How Many Surrealists Does It Take to Screw in a Lightbulb? or, Why did the Intellectual Cross the Road and Walk into a Bar?: A collection of over 1,000 cartoons, jokes, and epigrams for the over-educated and cognitively curious (yes, that means you!) as compiled and for the most part understood by John Howard Towsen, Ph.D
John’s most recent book, Clowns, came out 39 years ago, so he figured it was high time for another. Yes, he really does have a Ph.D. (drama, NYU) —which will no doubt come as a surprise to some of his friends— as well as an NEH fellowship and a Fulbright. He grew up in New York City’s Greenwich Village, where he still lives and had his first exposure to laugh-so-hard-it-hurts comedy when he saw Danny Kaye on the big screen, probably in The Court Jester (1955). A few days after his 7th birthday he made his live television debut in a comedy sketch with Red Skelton and Jackie Gleason on The Red Skelton Show. He subsequently acted in dozens of television shows and commercials, working alongside such names as Gary Moore, Julie Andrews, Kaye Ballard, Alice Ghostley, Edie Adams, Myrna Loy, Claudette Colbert, Robert Preston, Tab Hunter, Sid Caesar, Ed Wynn, Claude Rains, Charlie Ruggles, Walter Slezak, Kate Smith, Shirley Booth, Sam Levenson, Margaret Hamilton, Patty Duke, and Joseph Papp. In his twenties he returned to show biz, this time somehow eking out a living in the world of clown and physical comedy, from the schools of Long Island to the circus sands of Saskatchewan, Saudi Arabia, and points in between, most of it with partner Fred Yockers. He was artistic director for the first two New York international clown-theatre festivals (1983, 1985) and has taught full-length physical comedy courses at Princeton University, Ohio University, and the Juilliard School, plus innumerable shorter workshops in numerous countries. Former students include Laura Linney, Jeanne Tripplehorn, Andre Braugher, Michael Hayden, and Michael Stuhlbarg. His latest research on physical comedy is to be found on his blog: physicalcomedy.blogspot.com. In other parallel lives he taught theatre, multimedia, and digital video in the Creative Arts & Technology program at Bloomfield College for 26 years, and spent many a summer working for the Open Society Institute doing media training for activists in hot spots across the globe.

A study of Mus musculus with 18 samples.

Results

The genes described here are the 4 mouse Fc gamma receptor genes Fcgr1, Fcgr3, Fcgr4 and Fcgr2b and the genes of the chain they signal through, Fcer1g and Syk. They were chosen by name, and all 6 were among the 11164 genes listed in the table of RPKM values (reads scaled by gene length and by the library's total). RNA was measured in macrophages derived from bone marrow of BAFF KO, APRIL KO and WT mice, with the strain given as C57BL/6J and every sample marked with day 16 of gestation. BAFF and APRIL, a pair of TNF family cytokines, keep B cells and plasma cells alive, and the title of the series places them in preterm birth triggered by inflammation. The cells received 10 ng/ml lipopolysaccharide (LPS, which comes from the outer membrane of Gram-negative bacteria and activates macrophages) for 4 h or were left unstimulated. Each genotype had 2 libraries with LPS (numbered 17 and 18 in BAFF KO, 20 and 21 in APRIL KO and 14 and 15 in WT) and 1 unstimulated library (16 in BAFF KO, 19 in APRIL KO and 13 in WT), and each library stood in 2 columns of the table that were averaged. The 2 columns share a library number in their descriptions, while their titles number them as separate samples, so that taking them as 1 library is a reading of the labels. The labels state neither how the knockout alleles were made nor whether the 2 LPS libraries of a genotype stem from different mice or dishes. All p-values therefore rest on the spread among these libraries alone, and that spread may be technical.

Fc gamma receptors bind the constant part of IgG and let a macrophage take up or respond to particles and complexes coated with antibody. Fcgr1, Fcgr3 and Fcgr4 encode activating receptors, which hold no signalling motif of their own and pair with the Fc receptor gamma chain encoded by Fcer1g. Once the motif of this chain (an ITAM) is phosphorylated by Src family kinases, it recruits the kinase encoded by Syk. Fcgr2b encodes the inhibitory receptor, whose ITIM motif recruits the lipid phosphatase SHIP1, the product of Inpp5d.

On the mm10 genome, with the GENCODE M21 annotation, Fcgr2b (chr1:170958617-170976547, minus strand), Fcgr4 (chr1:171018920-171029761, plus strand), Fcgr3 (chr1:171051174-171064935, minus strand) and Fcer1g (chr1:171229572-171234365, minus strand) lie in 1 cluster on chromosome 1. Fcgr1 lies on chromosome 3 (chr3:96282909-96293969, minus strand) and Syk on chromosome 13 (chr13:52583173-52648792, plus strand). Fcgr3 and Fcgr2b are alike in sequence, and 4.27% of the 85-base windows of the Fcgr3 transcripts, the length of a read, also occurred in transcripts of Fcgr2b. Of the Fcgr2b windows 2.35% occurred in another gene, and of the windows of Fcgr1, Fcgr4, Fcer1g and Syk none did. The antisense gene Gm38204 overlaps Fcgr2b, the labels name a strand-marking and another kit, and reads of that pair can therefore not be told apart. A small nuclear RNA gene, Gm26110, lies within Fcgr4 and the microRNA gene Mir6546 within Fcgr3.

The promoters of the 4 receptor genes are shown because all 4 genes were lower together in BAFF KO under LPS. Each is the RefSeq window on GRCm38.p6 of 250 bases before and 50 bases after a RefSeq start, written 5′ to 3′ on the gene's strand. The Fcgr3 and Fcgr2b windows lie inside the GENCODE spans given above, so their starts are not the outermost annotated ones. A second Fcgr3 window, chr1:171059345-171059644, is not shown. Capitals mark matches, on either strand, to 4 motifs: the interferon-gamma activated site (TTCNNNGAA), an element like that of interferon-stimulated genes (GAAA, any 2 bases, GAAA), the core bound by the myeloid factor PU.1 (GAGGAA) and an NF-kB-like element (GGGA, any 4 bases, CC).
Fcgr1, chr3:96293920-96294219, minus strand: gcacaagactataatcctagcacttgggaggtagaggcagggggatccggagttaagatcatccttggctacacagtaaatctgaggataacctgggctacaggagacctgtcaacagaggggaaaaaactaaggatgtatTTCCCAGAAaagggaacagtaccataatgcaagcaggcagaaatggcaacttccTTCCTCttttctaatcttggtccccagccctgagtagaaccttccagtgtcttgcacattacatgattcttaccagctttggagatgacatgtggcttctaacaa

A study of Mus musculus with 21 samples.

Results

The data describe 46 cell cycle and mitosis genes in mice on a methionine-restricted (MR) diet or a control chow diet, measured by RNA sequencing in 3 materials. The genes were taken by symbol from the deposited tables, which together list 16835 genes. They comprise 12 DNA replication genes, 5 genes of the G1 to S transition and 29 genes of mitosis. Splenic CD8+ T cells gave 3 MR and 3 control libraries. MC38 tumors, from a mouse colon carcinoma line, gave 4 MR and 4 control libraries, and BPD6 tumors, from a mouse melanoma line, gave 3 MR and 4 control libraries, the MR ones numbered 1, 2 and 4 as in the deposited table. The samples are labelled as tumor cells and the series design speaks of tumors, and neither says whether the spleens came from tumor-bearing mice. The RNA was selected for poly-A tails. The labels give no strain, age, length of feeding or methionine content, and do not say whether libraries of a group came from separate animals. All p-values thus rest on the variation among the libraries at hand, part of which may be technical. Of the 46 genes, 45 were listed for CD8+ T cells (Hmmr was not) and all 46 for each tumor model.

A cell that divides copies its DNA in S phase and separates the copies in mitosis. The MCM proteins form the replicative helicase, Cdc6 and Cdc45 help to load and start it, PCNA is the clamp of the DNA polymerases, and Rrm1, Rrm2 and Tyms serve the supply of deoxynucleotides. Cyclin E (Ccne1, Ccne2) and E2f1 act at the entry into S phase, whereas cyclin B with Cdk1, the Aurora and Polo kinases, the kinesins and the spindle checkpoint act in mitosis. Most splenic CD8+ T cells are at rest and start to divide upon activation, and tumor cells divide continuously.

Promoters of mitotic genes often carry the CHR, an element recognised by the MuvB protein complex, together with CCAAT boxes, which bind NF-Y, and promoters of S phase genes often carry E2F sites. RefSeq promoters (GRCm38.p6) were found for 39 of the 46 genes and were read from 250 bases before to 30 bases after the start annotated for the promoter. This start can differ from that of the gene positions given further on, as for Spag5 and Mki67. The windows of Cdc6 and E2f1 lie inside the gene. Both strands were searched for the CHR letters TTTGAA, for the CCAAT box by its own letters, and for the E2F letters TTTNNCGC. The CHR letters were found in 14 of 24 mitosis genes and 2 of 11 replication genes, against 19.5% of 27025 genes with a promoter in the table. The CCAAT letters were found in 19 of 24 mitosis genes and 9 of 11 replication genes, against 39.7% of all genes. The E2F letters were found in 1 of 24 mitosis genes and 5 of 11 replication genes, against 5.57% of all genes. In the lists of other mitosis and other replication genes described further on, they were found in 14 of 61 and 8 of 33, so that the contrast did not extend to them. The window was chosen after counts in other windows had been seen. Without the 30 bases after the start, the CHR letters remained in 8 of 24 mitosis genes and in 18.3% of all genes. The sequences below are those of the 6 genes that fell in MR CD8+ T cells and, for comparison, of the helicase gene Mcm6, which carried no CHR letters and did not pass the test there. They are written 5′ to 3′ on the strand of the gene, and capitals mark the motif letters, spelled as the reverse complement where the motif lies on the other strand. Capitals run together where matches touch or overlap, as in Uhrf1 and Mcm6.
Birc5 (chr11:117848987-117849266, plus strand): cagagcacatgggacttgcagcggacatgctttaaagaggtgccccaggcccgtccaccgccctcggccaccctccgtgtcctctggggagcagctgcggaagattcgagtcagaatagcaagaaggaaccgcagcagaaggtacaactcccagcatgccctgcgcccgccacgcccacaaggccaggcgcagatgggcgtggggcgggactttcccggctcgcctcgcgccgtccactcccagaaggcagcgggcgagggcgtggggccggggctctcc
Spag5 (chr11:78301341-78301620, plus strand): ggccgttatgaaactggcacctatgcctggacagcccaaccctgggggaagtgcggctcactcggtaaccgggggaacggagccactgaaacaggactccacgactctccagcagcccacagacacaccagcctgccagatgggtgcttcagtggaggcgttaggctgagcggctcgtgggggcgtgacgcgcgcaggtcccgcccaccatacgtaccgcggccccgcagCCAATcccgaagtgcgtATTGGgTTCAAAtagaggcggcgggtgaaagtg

Zany. Whacky. Hilarious (Apollinaire-ious?) More than twenty years in the making, author Towsen generously shares his collection of jokes, funny stories, cartoons, limericks, wise sayings, poems, and more. He gives us favorite knock-knock jokes and screw in the lightbulb jokes but, drawing from such creative minds as Mark Twain, Noel Coward, Albert Einstein, Bill Watterson, Leo Cullum, and Groucho Marx, also covers a whole range of subject matter—the meaning of art, mental balance (or was that imbalance?), language and literature, writing, math and science, history, technology, etc. This is definitely a prerequisite for the next history of the world book, so get your copy now (or, better yet, get several; they’re small and make great graduation gifts, just because gifts, or un-birthday presents). In just a few hours you can become smarter and funnier than the guy next door, so how can you resist?
Available wherever good books are sold! (And on Amazon.)